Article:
In 2015, the distributed control system (DCS) will mark its 40th anniversary—40 years since the first Honeywell TDC-2000 beta-types were installed at Exxon's Sarnia, Ontario, refinery, and Yokogawa introduced its version, CENTUM. By 1980, Bailey (now part of ABB) introduced the NETWORK 90 system, Fisher Controls (now part of Emerson) introduced the PROVoX system, and Fischer & Porter (now also part of ABB) introduced DCI-4000.
During this period, the DCS swept alternative process control technologies from the field. "In the late 1970s, market analysts projected the decline of analog control, but no one anticipated the speed or completeness of this transformation," wrote Terry McMahon in April, 2005. "At least two generations of process control engineers have matured during the DCS era, which has endured much longer than earlier technologies."
Honeywell had been working on a dedicated digital loop controller since 1969, but the problems of reliability and cost seemed insurmountable. The emergence of the integrated-circuit microprocessor in the early 1970s solved these problems. The Intel 8080, announced in early 1974, was the breakthrough event enabling multiple control loops to be handled with a single microprocessor.
At the time, "Foxboro's analog controllers were generally considered the class of the industry," McMahon wrote. "The SPEC 200, announced in 1972, was the high-water mark of analog electronic technology, and ISA's 4-20 mA standard [SP50] was approved in 1975 just as this technology was being rendered obsolete by digital controllers."
In the 1980s, users began to look at DCSs as more than basic process control. If proprietary systems were opened, data could be shared and greater things could be achieved. This led to adoption of UNIX operating systems and Ethernet-based networks. The full TCP/IP standard was not implemented, but using Ethernet allowed object management and global data access.
PLCs were integrated into the DCS infrastructure, and plant-wide historians emerged to capitalize on the extended reach of automation systems. The first DCS to adopt UNIX and Ethernet networking technologies was Foxboro's I/A Series.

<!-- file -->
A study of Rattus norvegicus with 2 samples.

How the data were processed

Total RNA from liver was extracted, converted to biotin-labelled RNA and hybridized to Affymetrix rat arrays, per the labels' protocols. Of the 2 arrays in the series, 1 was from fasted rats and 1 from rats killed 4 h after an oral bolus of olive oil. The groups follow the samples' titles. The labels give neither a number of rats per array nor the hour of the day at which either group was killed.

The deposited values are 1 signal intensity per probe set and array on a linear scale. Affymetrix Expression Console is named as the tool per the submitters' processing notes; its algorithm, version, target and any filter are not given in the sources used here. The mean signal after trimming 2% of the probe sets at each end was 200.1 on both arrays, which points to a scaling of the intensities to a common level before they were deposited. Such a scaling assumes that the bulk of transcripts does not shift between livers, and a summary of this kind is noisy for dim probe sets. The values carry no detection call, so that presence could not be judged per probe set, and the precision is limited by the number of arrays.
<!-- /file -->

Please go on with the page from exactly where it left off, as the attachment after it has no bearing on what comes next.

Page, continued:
The 1990s saw increased adoption of commercial off-the-shelf (COTS) components and IT standards, and the controversial move from UNIX to Windows. Even today, the real-time operating system (RTOS) for control generally remains on variants of UNIX or proprietary operating systems, but above that, applications tend to be based on Microsoft systems.
As the DCS became increasingly network-centric, many suppliers built new "process automation systems" from the ground up to maximize functionality with Ethernet and fieldbuses. These include Rockwell Automation's PlantPAx, Honeywell's Experion, ABB's System 800xA, Emerson's DeltaV and Siemens' Simatic PCS 7.
Since the inaugural issue of Control magazine in October, 1988, we've made the DCS the center of our process control coverage. Over the past 25 years, we've described how DCS has evolved from distributed control with centralized microprocessing, to "truly distributed control" with centralized supervision of microprocessors in the field, to today's rise of virtualization, where critical and non-critical functions coexist in servers (or even the cloud). Control, safety, supervisory, historian and business functions are increasingly distributed as needed in network-based architectures across field devices, controllers, thin clients, central processors and the Web.
With increasingly inexpensive and standard COTS hardware and operating systems, the heart of the DCS is moving from equipment to software and services. Applications now include production management, model-based control, real-time optimization, plant asset management (PAM), real-time performance management (RPM), alarm management and more. Indeed, much of today's most exciting activity is in wireless networks, mobility, remote access, business optimization and real-time decision-making, which largely run on hardware that's independent of the DCS.
The words we used in 2013 to describe the latest permutation of the original DCS, Honeywell's TDC 2000, sum up the best of today's systems: "You'd think a DCS as useful and successful as Experion PKS Orion R2 might stop for a well-deserved break, or at least pause to catch its breath and allow its many fans to catch theirs," wrote Jim Montague. "But that's just not how its developers operate. Together, they just keep churning out an unrelenting stream of improvements, capabilities and innovations, until it seems like there's nothing that Experion can't do—and maybe that's the point."